Principles for Climate Action in Maryland
These evolving principles were developed by a group of climate advocates in Maryland united in our desire to advance our state towards an equitable, clean energy future. This group includes representatives from organizations with the Maryland Climate Coalition as well as individuals and organizations who have not previously been a part of the Coalition.
We view these as “living” principles that guide how we inform our work together and the policies we hope to enact in Maryland. We offer them as a sign of our intentions and recognize we have much work to do in order to embody these intentions as a group. We also recognize that our network is not yet representative of those most impacted by climate and environmental injustice.
We note in our outreach to people not yet at our table that we want these principles to express the values and perspectives of our coalition as it expands. When people bring a substantially new point of view that isn’t represented here, we will make modifications accordingly.
Statement of Principles
Maryland Climate Coalition proposes the following principles to guide Maryland on the path to a clean, renewable, just and equitable energy future. All actions, public and private, taken to address the climate crisis in Maryland should:
- Comprehensively address climate change by reducing and eventually eliminating greenhouse gas emissions to reduce the impacts of climate change, sequestering carbon in soils and forests, and adapting to those impacts that cannot be avoided. Adapting to the impacts of climate change includes ensuring local resilience against natural disasters through science-based planning and protecting public health, especially in the most impacted and vulnerable communities in collaboration with those communities. Action to address climate change must be consistent with scientific understanding, in particular the findings of the most recent 2018 report of the UN Intergovernmental Panel on Climate Change and the Paris 2015 Agreement goal of limiting global temperature rise to 1.5oC.
- Support investment in green technology and infrastructure, prioritizing the needs of disadvantaged and underserved communities, both urban and rural. The transformation of our economy must be both equitable and just. As the transition from fossil fuels to clean, renewable energy occurs, we must address any disruption to workers and communities currently dependent on fossil fuel industries and provide economic security for workers and communities who may be harmed by changes to the economy, including loss of current industries, divestment and exclusion of unsustainable practices.
- Create quality jobs and promote equitable economic growth and opportunity. We define quality jobs as those which provide: (1) family-supporting wages and benefits; (2) employees the opportunity to form a union and engage in collective bargaining without retaliation, intimidation, harassment or fear of reprisal; and (3) training and advancement opportunities. Equitable economic growth, at a minimum, should provide: (1) business opportunities for entities that have been traditionally excluded, including small businesses and women-owned, minority-owned, disabled- and veteran-owned, and employee-owned businesses; and (2) opportunities for traditionally underserved communities and people, including African Americans, indigenous peoples, Latinx people, people of color, low-wage, short-term, and chronically underemployed workers, women, veterans, returning citizens, laborers, people with disabilities, and people who identify as LGBTQIA.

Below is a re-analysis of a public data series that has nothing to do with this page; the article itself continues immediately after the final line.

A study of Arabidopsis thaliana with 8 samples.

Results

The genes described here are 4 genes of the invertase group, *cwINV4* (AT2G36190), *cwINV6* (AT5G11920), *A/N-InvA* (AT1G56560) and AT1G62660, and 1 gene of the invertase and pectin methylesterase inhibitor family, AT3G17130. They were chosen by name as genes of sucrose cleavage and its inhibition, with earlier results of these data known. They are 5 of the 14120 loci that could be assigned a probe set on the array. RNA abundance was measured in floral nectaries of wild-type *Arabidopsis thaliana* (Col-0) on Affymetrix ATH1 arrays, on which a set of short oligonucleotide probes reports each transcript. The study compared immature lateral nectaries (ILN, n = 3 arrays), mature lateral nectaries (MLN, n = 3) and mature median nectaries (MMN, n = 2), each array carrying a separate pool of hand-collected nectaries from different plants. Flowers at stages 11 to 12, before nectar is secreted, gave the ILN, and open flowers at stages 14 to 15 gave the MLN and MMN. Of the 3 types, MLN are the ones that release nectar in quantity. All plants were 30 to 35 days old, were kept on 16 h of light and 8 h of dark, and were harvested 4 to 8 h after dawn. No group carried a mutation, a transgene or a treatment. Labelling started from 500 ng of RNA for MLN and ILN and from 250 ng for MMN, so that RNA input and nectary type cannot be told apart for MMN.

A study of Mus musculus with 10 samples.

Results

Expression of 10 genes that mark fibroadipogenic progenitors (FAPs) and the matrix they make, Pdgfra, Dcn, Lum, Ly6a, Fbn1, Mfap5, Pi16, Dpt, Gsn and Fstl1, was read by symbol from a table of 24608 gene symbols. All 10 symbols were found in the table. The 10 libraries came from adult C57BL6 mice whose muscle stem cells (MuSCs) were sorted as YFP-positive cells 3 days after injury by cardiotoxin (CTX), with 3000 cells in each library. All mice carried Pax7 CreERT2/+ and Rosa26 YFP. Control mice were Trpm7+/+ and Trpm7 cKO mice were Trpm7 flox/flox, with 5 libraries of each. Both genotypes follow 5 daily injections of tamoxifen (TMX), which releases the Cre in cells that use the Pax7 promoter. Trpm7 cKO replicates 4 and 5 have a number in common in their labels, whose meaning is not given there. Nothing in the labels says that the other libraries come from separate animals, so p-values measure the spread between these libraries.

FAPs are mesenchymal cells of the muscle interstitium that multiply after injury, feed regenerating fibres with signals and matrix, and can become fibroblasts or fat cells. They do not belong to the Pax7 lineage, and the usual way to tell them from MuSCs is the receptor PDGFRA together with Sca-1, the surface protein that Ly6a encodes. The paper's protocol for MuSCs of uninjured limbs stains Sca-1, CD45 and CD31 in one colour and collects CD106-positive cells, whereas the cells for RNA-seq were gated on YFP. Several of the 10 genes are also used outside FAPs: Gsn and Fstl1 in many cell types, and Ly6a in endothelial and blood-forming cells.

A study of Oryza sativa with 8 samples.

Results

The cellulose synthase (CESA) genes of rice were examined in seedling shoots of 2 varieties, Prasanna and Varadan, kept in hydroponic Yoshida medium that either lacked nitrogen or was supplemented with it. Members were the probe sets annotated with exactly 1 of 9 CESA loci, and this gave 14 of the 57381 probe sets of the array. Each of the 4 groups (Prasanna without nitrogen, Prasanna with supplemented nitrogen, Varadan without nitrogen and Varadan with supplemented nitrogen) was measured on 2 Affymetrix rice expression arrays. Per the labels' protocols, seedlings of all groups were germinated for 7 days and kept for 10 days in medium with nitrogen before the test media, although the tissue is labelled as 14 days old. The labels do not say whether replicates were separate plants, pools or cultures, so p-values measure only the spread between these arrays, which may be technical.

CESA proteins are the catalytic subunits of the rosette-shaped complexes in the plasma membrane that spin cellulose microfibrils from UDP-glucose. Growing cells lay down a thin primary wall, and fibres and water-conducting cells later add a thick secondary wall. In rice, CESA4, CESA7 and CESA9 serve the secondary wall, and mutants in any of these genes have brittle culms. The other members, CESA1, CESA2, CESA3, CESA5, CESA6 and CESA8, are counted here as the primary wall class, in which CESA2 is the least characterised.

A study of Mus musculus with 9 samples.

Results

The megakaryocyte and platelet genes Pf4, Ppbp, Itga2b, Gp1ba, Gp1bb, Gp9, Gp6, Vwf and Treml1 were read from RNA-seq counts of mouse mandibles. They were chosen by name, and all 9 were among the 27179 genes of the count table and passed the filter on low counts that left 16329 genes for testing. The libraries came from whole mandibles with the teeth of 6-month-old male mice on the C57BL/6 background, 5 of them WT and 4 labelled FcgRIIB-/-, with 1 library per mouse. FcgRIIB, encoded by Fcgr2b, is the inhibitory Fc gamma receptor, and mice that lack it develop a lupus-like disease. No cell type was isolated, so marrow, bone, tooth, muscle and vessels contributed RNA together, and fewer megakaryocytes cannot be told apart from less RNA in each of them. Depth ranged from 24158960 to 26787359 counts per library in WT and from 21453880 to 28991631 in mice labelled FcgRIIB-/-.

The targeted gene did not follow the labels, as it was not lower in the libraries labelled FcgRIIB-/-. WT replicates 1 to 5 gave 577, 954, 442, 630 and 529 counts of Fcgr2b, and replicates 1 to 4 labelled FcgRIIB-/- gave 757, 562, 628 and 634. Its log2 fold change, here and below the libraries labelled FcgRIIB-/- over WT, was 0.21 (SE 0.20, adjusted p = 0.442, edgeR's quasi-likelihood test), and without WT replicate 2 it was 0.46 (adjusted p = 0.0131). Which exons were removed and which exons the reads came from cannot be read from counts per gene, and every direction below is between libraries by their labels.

- Spur the transition to a modern, resilient, and efficient grid that provides 100% clean, renewable electricity by or before 2040 and accommodates distributed energy resources to increase reliability and resiliency. This transition should reduce long-term energy costs. Low- and moderate income households must be protected from any adverse effects of rate increases or rate structure changes by ensuring that their household bills are affordable. Underserved communities should have equitable access to affordable energy efficiency and renewable energy. Energy sources built, generated, and used locally should be prioritized wherever feasible.
- Create an accessible, affordable and connected transportation system in Maryland, including bike lanes, walkways, and public transit that is emissions-free, accessible and affordable to all groups of people regardless of age, ability, income, race, or ethnicity.
- Retire polluting facilities and infrastructure and prevent construction of new polluting facilities and infrastructure; give priority in these activities to reducing pollution in communities that currently bear disproportionate burdens of polluting energy use, production, transportation, and infrastructure.
- Draw down excess greenhouse gases from the atmosphere by regenerating agricultural soils, restoring and improving natural forests and protecting and enhancing vital wetlands. Ecologically sensitive and sustainable sequestration, in combination with elimination of greenhouse gas emissions, including methane leaks, can make Maryland’s economy carbon negative by 2050 and help fulfill the obligation for wealthy countries to keep global temperature rise to below 1.5 o C, as required by the 2018 IPCC report.